This growth stock looks 25% undervalued to me

Leading in British intelligent technology and software solutions, this growth stock looks like a worthy addition to Oliver Rodzianko’s portfolio.


  • Kainos is a top tech investment in the UK, recognised by Microsoft's CEO for its AI and digital service prowess, offering solutions to institutions across the globe.
  • It excels in business services, reducing costs for clients, with recession-resistant shares due to its role in decreasing overhead expenses and extensive AI integration.
  • Despite high growth rates and being potentially undervalued, risks include current liabilities and potential competition or acquisition approaches from industry giants.

I consider this growth stock to be one of the best technology investments in Britain as I write. In fact, I think there might be none better.

Don’t just take my word for it. When Microsoft CEO Satya Nadella came to London earlier in the year to meet UK businesses about AI, Kainos Group (LSE:KNOS) was one of seven partners invited to the table.

Its use of next-generation intelligence technology is to help leading global institutions manage their workloads more effectively. It does this through digital services and Workday implementation.

Why I think the company is great

First of all, what strikes me as valuable about Kainos is that it’s a business-to-business enterprise. I like this because often, they’re helping firms reduce costs.

If it comes time to cut budgets, businesses are unlikely to fire the firms that are already reducing their expenses. That’s why Kainos shares have some recession resistance to them.

Its integration of AI is also expansive. It includes advanced capabilities in machine learning, fraud detection and digital assistance.

Notable achievements include helping UK government departments identify fraud and increase administration efficiency at hospitals and care centres catering to over half a million patients in total.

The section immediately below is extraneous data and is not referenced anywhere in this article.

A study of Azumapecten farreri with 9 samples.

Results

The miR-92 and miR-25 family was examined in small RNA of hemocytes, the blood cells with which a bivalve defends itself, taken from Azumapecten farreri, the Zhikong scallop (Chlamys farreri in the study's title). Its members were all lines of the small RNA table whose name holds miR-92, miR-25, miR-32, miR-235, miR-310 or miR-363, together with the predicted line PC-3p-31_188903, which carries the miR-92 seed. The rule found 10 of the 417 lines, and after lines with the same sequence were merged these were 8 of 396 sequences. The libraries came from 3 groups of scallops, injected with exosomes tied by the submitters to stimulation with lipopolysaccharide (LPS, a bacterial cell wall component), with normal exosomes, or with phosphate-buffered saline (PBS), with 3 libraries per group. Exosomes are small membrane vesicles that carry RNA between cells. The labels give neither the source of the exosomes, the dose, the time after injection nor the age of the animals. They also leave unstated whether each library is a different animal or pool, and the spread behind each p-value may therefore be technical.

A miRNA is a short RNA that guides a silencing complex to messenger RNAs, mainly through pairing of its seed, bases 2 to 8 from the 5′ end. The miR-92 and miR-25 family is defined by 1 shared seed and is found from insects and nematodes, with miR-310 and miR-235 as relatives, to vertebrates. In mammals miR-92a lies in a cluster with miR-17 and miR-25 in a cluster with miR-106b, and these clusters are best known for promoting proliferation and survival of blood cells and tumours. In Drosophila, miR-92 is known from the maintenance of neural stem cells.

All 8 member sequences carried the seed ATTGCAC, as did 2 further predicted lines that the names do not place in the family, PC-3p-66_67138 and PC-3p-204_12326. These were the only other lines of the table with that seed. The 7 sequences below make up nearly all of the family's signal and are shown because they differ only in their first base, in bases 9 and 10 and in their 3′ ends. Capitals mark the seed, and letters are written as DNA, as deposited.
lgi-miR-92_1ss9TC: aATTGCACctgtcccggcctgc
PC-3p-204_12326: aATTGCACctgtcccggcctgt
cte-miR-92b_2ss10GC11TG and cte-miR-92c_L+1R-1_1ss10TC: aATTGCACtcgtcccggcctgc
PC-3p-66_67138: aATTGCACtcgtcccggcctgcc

It’s leading in the UK at simple, intelligent technology processes, and I commend it for that.

Good growth and good value

Kainos’s strengths aren’t purely operational, they’ve also translated into financials that I consider excellent.

First of all, this is a high-growth enterprise. Over the past three years, the company has grown its earnings at an annual rate of 37%. That is very fast.

But I’ve looked at analyst estimates, and over the next three years, growth is set to slow considerably to around 13% per year. That explains why the price is down over 50% as I write.

From my analysis, the market has been efficient here in pricing the shares according to future growth expectations. But I still think it’s selling at a discount.

With its growth higher than most of its industry peers, I feel it deserves a premium valuation. Just because the future expectations are lower, that doesn’t mean the price should be down this much.

I could have a 25% discount on my hands here, as its price-to-earnings ratio has dropped from its 10-year median of 40 to 30 at this time.

A look at the risks

Kainos has slightly more liabilities than usual at the moment when comparing its current balance sheet against the reports from the past decade.

Therefore, it needs to be careful how it allocates its net income right now.

It has quite a lot of accounts that are still due to be paid, and I think it could benefit from prioritising these over certain business expansions until the balance sheet is a tad more stable.

Also, let’s not forget that business is both about partnership and competition. Microsoft has the resources to easily outcompete or even make an acquisition approach on Kainos. The latter wouldn’t necessarily be bad for Kainos shareholders, but the former certainly would.

A very worthy business

I love the look of these shares, and while my portfolio only has a dozen select companies in it, Kainos might make the cut at some point later in the year.

Should you invest, the value of your investment may rise or fall and your capital is at risk. Before investing, your individual circumstances should be assessed. Consider taking independent financial advice.

Oliver Rodzianko has positions in Microsoft. The Motley Fool UK has recommended Kainos Group Plc, Microsoft, and Workday. Views expressed on the companies mentioned in this article are those of the writer and therefore may differ from the official recommendations we make in our subscription services such as Share Advisor, Hidden Winners and Pro. Here at The Motley Fool we believe that considering a diverse range of insights makes us better investors.